When married couples end their union, California’s community property laws guide the allocation of their assets. The state’s guidelines take the property and assets acquired during the marriage and divide that value 50/50 between the spouses.
Community property rights afforded to married couples do not apply to partners who never wed. Instead, they can use a palimony suit to seek property or support.
History of Palimony in California
California is one of nearly 30 U.S. states with some form of palimony, but the practice had its origins here in the Golden State.
From 1965 to 1970, actor Lee Marvin lived with his girlfriend Michelle Triola. After their breakup, he paid her a monthly allowance until he stopped in November 1971. She took him to court in 1972, seeking financial support and property like what occurs in a divorce. She claimed he promised to support her for the rest of her life. The case ended up in the California Supreme Court in 1976.
The court ruled that Triola and other unmarried partners in California can sue for property division when the relationship ends. Common-law marriage had been abolished in 1896, but the state still recognized non-marital relationship contracts. These contracts can be express or implied, oral or written, but they must be provable in any case.
At the 1979 trial, the Los Angeles Superior Court ordered Marvin to pay his former girlfriend $104,000, which was equal to two years at her highest weekly salary. The sum was called “rehabilitative” and meant to pay for training to become self-sufficient. The court denied her claim for half of the $3.6 million he earned during their relationship.
Two years later, the California Court of Appeal found that she had not proven she had a contract with Marvin and overruled the financial award. The Supreme Court would not reinstate it.
Triola never received any money from Marvin, but the legal concept of palimony was born.
The Right to Property Is Not Guaranteed
Married couples have guaranteed legal rights under the state’s community property laws. Partners who never formalized their union are not automatically protected. Likewise, there is no obligation for spousal support. A property or support claim through palimony is only possible if the existence of a contract can be proven.
Property in the name of only one partner is assumed to be the possession of that one person. The other partner must file a palimony suit if they want to make a claim on any portion of the asset. Property bearing the names of both partners on the title is split evenly. Both partners will remain responsible for the debt in any jointly held credit accounts.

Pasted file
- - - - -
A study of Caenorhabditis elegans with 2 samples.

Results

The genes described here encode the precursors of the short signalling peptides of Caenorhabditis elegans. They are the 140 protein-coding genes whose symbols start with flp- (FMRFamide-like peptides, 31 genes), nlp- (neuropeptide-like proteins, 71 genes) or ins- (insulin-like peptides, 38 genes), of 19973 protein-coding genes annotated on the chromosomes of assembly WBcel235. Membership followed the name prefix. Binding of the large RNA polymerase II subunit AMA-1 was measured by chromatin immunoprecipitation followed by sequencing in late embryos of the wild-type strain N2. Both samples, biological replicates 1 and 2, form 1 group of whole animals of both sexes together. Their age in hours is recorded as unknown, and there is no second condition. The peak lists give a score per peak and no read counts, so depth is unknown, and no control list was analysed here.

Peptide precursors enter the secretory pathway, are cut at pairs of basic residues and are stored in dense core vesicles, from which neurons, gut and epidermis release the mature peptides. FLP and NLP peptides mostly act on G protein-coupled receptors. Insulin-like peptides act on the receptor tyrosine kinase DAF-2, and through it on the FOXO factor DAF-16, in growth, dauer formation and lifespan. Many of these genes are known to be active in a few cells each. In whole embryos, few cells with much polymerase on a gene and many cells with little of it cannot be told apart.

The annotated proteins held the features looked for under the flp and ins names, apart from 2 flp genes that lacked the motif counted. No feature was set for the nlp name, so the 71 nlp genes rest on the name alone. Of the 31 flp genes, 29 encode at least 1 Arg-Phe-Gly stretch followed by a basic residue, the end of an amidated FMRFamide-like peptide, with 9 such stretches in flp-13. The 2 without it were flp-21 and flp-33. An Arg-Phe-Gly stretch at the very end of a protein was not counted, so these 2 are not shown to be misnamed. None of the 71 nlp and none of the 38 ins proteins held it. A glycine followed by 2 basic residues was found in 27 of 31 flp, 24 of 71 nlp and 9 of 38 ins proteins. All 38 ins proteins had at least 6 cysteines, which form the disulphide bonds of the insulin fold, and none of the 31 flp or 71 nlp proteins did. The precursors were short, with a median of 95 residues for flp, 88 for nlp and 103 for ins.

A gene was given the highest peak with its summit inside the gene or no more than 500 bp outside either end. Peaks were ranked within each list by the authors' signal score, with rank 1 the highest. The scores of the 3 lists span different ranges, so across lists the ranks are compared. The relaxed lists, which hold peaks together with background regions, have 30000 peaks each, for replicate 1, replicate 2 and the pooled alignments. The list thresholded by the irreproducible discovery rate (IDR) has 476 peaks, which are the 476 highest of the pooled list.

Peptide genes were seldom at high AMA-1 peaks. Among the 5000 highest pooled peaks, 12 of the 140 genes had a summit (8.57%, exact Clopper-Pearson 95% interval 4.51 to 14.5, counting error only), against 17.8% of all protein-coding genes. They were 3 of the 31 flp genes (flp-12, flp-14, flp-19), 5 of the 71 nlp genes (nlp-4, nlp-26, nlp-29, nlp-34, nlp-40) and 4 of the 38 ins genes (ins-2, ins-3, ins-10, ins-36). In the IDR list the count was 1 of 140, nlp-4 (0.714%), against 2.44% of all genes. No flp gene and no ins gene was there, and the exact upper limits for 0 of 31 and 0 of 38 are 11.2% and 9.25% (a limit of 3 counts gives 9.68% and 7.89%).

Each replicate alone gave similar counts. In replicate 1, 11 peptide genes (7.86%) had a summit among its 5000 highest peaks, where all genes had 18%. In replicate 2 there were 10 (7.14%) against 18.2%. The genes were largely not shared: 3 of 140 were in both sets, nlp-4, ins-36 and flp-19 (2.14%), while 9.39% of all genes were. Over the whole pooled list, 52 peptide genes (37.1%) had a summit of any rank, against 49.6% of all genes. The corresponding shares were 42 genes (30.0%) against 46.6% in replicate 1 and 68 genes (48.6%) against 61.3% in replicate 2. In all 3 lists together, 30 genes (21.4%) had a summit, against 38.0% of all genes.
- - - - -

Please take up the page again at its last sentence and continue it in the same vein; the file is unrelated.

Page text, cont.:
If a non-marital claim on property or support makes it to court, the judge will consider factors like married couples:
- How long the couple lived together
- The employability of the partner requesting support
- The assets and income of both partners
- The sacrifices one partner made for the other (often to support the other in their career)
- The ages and health of the former partners
Regardless of whether a couple is married, California follows the same laws for child custody and child support determinations. An unmarried partner other than the birth mother must establish parentage through DNA or by both parents signing a Voluntary Declaration of Parentage.
Cohabitation Agreements Are Easier to Enforce
As Triola learned, oral agreements are significantly more challenging to prove than written contracts. If you are in a live-in arrangement with a significant other, consider a cohabitation agreement. Agreements drafted by a skilled attorney stand up better in a courtroom should one partner fail to live up to their obligations. These agreements, similar to prenuptial contracts, can outline how property will be divided should the couple split down the road.
Non-Marital Contracts Protects Each Partner’s Interests
After a relationship ends, the last thing most former partners want to do is fight inside a courtroom. They would rather move forward with their lives as soon as possible. Non-marital contracts clarify financial and property interests. If a breakup occurs, this agreement outlines who has ownership of what property and simplifies the legal process.
At Gille Kaye Law Group, PC, we provide a compassionate and targeted legal strategy for unmarried couples facing family law issues. Schedule a consultation to discuss your case by calling (626) 340-0955 or reaching out online.